The Volunteer on Baker Street in London comes with a centuries old ghost that haunts the pub with spooky footsteps, says RICK HALE
The Volunteer On Baker Street
245-247 Baker Street
Marylebone, NW1 6XE
Baker Street in the London area of Marylebone – the City of Westminster – was made immortal in the late 19th century, when Sir Arthur Conan Doyle put pen to paper and gave the world, Sherlock Holmes.
Besides the world’s greatest consulting detective aside, Baker Street is home to another mystery, The Volunteer, a popular local pub that is known for being haunted by a former owner who met a tragic end centuries ago.
History Of The Volunteer Baker Street
Many centuries before the Volunteer occupied the land, a large mansion sat there.
The mansion was owned and occupied by the fabulously wealthy and powerful, the Nevilles, a family that enjoyed a great deal of influence in 17th century London.
Unfortunately, their power and influence came to an end in 1645, when a fire broke out, possibly due to a faulty fireplace.
The locals did everything they could to put the fire out, but all their efforts were for nought.
The raging inferno burned the mansion to the ground taking the entire Neville family with it.
The land sat vacant until the 1800s when a new building was constructed in its place.
The Volunteer got its unique name during World War II, when the building was used as a recruiting station for all the eager young men who wanted to fight Hitler and his Nazi regime.
The Haunting Of The Volunteer pub
The building that houses the popular pub has long been believed to be haunted.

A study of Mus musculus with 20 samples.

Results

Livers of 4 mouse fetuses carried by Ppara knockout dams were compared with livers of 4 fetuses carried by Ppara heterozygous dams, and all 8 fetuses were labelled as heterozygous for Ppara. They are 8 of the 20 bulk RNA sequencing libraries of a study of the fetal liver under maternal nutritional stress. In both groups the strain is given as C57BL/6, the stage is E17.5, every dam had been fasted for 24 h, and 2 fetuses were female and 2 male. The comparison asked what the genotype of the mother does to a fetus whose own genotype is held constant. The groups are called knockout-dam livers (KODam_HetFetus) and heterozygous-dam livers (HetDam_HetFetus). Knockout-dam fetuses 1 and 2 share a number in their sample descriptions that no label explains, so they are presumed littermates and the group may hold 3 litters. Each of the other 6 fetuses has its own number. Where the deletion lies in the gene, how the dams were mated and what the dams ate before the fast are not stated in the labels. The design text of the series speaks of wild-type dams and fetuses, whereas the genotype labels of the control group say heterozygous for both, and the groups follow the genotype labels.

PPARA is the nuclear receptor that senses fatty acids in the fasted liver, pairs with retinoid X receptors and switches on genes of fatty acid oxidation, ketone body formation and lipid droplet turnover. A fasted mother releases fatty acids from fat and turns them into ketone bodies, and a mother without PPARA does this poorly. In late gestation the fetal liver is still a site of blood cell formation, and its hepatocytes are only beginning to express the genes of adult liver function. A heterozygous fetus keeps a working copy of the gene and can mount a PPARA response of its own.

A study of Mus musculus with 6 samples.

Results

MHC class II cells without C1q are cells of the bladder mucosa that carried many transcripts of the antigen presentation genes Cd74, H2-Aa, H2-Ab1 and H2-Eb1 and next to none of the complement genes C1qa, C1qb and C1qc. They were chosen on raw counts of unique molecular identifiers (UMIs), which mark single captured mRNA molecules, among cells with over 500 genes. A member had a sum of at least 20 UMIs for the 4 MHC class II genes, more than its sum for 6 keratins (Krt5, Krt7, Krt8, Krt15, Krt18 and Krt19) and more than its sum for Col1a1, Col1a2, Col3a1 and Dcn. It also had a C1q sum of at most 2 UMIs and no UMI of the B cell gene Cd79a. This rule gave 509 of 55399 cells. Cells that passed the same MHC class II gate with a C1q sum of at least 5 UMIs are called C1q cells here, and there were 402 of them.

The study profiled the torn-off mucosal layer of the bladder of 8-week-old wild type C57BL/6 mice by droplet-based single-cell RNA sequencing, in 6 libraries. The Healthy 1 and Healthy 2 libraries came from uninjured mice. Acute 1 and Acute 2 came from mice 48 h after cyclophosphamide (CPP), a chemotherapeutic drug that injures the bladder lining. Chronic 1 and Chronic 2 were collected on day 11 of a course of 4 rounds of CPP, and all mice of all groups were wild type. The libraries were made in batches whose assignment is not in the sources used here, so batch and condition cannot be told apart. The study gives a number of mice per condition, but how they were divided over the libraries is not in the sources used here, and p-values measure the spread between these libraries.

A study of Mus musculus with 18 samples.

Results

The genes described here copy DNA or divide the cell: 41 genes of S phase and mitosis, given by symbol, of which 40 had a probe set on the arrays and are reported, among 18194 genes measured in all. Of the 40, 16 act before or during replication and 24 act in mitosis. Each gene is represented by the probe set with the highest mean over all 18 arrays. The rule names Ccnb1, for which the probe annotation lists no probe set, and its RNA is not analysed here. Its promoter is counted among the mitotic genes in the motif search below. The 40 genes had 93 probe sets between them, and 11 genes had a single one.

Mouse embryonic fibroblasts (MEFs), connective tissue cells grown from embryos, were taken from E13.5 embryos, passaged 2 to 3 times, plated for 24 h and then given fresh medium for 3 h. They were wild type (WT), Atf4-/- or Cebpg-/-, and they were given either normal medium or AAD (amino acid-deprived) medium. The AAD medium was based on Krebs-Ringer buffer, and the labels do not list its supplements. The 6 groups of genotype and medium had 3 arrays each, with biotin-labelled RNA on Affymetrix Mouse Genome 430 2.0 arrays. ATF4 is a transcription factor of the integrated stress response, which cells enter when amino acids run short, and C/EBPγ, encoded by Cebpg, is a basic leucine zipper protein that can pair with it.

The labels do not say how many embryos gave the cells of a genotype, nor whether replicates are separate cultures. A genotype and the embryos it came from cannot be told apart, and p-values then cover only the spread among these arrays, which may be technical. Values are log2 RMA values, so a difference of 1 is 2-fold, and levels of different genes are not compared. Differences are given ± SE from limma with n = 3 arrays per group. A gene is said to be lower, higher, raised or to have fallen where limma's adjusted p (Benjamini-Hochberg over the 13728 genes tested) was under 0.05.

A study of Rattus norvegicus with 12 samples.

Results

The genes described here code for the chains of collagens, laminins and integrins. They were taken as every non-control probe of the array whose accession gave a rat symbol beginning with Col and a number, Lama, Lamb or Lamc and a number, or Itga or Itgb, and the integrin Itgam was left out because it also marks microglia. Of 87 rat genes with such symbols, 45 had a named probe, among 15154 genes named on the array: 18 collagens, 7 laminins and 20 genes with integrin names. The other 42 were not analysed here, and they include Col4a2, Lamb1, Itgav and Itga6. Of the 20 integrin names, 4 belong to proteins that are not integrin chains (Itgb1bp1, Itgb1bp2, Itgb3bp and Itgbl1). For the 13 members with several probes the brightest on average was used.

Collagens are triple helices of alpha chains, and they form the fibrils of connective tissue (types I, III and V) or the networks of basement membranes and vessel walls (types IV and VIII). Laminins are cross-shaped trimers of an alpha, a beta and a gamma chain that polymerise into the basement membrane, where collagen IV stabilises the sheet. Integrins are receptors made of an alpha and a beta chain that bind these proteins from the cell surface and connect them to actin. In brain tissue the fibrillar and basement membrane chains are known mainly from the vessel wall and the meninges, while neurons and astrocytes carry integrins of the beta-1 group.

Even when it was used as a recruiting station, the soldiers who staffed it reported hearing eerie noises and strange sightings when they were alone in the building at night.
However, it wouldn’t be until the pub opened that reports of ghostly phenomena believed to be caused by a singular ghost became evident.
The Ghost Of Rupert Neville
According to the staff and owners of the Volunteer, the pub appears to be haunted by the ghost of Rupert Neville, the powerful owner of the mansion that burned to the ground centuries ago.
And he is by no means shy in making his presence abundantly known.
A Cultured Gentleman
The spirit of Rupert Neville has been described as a cultured, well-dressed gentleman in a surcoat and breeches.
Although his spirit is most active in the cellar where it was believed Neville died, he is seen throughout the building.
Neville has been known to manifest in the bar area, startling unwitting patrons and staff alike.
The sound of heavy boots, believed to be Neville’s, has been heard on the hardwood floors.
Many patrons have heard the footsteps walk up to their table and stop, giving them the impression someone was watching them while they enjoyed their meal and drinks.
Fascination With Electricity
Rupert Neville also appears to have an obsession with the modern convenience of electricity.
Neville has been blamed for flicking the lights on and off. Especially, when the Volunteer is having a good night.
The Volunteer On Baker Street is next door to the Sherlock Holmes Museum. And it’s just a short walk from the well-manicured gardens of Regent’s Park.
The Volunteer is well known for offering a fun atmosphere and great hospitality, an attribute most London pubs are famous for.
The Christmas season is particularly special as the pub offers an extensive Christmas menu and a variety of holiday ales, craft beers and wines.
If you should visit The Volunteer On Baker Street, be sure to ask the staff about their resident ghost. They enjoy telling their personal stories of the ghost of Rupert Neville.